SDRuno: SDRplay introduces a free native app for the RSP

(Source: SDRplay Press Release)


SDRplay is pleased to announce the official release of SDRuno for the RSP. SDRuno is the new name for the RSP compatible version of Studio1, the rights to which we obtained and announced on 28th April. SDRuno contains native support for the SDRplay RSP and no extra plugins are required. Third party hardware can also be supported via the ExtIO interface, but with reduced functionality.

SDRuno provides a rugged and flexible, high performance SDR receiver capability and boasts some excellent features:

  • Multiple ‘Virtual Receivers’ which allow for simultaneous reception and demodulation of different types of signals within the same receiver bandwidth.
  • A selectivity filter with an ultimate rejection greater than 140 dB.
  • A unique distortion-free double stage AGC with fully adjustable parameters.
  • Multiple notch filters with BW adjustable down to 1 Hz, Notch Lock feature.
  • A unique synchronous AM mode with selectable/adjustable sidebands, dedicated PLL input filter, and selectable PLL time constants.
  • SNR (stereo noise reduction), featuring a proprietary noise reduction algorithm for stereo broadcast.
  • AFC for FM signals.
  • Calibration for receiver frequency errors.

Over time, we plan to add many more features to SDRuno to enhance the user’s experience of this very powerful piece of software. This software runs on Windows and we don’t yet know how easy it will be to migrate it to other platforms but this is something we will be investigating.

SDRuno will be made freely available to all current and future users of the RSP – to download a copy – simply go to

Our support for SDRuno in no way lessens our commitment to support HDSDR, SDR Console, Cubic SDR or ANY other software solution where the authors are willing to work with us. We fully recognise that many people have strong preferences for particular pieces of software and we do not want to do anything to undermine the options that people have to use their favoured software packages. Indeed, our view is quite the opposite. Our objective remains aim to have our hardware platforms support any and every SDR package out there. This of course may not be possible, but it is our philosophy and part of the ethos of our company.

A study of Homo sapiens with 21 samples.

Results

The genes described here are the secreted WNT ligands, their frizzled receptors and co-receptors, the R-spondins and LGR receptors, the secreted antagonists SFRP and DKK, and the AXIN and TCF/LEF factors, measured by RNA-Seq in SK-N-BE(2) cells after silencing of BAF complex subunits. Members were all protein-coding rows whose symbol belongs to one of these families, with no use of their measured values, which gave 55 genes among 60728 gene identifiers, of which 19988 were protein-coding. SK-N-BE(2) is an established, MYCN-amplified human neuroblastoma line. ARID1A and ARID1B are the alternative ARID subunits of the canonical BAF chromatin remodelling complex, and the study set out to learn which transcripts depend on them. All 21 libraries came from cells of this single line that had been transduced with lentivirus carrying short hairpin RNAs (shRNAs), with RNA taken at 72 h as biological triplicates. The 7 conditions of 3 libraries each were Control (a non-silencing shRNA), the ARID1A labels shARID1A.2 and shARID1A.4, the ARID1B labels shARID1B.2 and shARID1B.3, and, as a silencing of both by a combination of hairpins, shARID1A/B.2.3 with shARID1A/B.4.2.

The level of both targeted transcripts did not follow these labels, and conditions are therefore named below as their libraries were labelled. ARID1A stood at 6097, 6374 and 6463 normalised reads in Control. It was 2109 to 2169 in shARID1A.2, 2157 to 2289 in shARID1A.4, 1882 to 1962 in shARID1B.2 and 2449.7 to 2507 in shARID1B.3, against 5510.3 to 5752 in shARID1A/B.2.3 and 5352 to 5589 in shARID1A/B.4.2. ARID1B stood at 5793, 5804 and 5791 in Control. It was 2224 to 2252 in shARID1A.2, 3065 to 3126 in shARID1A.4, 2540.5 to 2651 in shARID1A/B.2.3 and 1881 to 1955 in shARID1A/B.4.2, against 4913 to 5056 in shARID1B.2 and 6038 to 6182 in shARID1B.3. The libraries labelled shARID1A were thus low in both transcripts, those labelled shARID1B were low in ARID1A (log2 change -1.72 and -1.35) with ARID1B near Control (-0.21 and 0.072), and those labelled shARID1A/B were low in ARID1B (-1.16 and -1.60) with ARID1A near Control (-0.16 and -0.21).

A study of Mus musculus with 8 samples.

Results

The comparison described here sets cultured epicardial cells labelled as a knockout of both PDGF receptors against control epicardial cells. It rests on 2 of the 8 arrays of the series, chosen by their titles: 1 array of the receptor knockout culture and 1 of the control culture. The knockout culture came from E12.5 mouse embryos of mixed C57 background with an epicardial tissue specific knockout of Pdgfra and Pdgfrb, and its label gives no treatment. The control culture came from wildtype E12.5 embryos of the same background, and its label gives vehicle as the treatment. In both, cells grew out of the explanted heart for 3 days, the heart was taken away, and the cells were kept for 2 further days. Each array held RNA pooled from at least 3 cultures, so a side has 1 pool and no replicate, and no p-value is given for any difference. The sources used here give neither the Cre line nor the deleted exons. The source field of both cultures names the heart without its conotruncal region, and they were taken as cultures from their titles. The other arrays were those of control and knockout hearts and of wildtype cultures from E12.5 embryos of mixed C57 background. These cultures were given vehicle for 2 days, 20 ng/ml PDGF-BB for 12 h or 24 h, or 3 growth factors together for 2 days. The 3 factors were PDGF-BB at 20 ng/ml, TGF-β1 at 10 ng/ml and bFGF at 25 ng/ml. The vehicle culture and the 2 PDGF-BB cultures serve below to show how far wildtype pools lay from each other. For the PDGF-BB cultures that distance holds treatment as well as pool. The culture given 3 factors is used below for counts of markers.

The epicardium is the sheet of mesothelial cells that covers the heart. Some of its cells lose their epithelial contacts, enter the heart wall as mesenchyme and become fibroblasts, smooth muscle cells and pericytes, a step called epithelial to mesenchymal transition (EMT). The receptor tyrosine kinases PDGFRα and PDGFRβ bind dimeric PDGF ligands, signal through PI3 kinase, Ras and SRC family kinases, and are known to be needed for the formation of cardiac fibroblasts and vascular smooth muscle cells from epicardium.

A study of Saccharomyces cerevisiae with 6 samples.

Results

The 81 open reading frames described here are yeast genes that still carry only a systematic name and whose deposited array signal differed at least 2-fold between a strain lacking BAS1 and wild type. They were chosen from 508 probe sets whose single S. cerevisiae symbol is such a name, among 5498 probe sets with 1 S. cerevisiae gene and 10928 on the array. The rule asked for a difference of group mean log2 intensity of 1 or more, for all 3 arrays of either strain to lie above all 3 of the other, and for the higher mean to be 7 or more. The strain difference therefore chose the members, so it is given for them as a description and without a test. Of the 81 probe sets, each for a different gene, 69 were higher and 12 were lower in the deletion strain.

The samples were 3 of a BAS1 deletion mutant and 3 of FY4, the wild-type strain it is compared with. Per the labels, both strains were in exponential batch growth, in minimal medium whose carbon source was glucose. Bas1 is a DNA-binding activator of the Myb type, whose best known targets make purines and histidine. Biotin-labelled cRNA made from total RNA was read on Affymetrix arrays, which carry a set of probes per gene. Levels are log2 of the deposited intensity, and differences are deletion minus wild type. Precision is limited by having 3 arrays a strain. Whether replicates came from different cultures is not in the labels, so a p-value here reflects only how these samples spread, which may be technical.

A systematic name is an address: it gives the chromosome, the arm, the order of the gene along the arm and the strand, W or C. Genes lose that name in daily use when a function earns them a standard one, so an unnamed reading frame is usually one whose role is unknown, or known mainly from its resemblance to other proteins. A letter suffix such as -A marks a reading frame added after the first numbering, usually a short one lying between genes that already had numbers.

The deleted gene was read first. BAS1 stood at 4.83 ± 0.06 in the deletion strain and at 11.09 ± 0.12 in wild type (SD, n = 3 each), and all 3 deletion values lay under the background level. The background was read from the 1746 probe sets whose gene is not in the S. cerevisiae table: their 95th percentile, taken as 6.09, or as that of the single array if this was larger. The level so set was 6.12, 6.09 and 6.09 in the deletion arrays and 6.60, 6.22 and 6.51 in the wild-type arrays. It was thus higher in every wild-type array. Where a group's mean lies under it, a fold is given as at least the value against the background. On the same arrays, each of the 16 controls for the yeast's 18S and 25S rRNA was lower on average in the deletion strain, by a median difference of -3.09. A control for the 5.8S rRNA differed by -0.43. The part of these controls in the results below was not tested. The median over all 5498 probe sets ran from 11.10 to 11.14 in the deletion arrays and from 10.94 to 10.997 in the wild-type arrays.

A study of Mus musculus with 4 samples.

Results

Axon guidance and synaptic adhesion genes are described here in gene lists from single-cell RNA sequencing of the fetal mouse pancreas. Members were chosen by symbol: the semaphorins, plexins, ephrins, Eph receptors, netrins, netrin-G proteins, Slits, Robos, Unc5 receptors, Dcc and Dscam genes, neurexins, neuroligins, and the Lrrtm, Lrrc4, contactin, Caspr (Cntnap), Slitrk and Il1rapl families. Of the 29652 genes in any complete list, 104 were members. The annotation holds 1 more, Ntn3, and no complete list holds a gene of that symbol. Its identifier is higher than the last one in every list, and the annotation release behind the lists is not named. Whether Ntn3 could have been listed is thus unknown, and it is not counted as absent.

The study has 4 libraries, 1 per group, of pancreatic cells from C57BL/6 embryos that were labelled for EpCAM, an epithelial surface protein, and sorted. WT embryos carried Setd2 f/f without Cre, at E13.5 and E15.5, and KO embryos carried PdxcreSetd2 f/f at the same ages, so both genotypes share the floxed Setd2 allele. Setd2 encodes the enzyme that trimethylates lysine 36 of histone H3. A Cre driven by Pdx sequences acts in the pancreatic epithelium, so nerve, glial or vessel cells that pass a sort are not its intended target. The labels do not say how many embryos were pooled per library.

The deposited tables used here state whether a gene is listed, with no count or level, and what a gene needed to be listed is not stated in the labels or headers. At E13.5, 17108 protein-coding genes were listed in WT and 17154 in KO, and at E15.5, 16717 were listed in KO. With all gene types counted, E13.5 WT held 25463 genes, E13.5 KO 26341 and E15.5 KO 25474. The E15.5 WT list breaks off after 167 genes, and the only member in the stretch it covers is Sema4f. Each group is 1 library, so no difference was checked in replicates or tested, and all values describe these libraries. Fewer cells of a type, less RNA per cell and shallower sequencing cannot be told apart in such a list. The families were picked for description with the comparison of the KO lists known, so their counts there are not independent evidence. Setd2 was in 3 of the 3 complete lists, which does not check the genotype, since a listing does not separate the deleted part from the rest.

About Studio 1:

Studio1 was developed in Italy by SDR Applications S.a.s. and has hundreds of happy customers around the world. Studio 1 is known for its user friendly stylish GUI, CPU efficiency and advanced DSP capabilities, including features not available on other SDR software packages.

About SDRplay:

SDRplay limited is a UK company and consists of a small group of engineers with strong connections to the UK Wireless semiconductor industry. SDRplay announced its first product, the RSP1 in August 2014
Email: [email protected]


  1. Tom Servo

    Amazing how fast they got this done, but I’m kind of disappointed to learn it’s based on Studio1. I just happened to download the demo version yesterday, and while beauty is always subjective, I thought it was ugly as a tree full of owls and completely unintuitive. With only demo files to play, it was impossible to gauge how well it would have worked with the SDRplay. I’m glad there’s a SDRplay specific version and I look forward to trying it with my own setup. I can live with ugly (I use HDSDR regularly) if it is a performer.

    One thing that *immediately* set me off down a bad path was when trying the Studio1 demo and a download of SoDiRa, is both apps launched windows that were fully top-left on my screen, hiding under the task bar. Nothing pisses me off quicker than an app that gets up under the taskbar and can’t be moved or enlarged. The only solution is to move the taskbar! Why some apps don’t respect a taskbar on top in Windows is beyond me. It’s a stupid thing but it makes me mad to no end!

  2. TomL

    This might be welcome since one of the limitations of SDRplay is supposedly its poor AGC during AM mode. I hope someone can test the new software and do a direct comparison to other software.

  3. The Radio Hobbyist

    Wow – they got this done sooner than I thought they would – and it’s free!?!

    So many knobs to twiddle on this, I’m going to have to crack the manual.
    Thanks for the article and thanks for this fine software!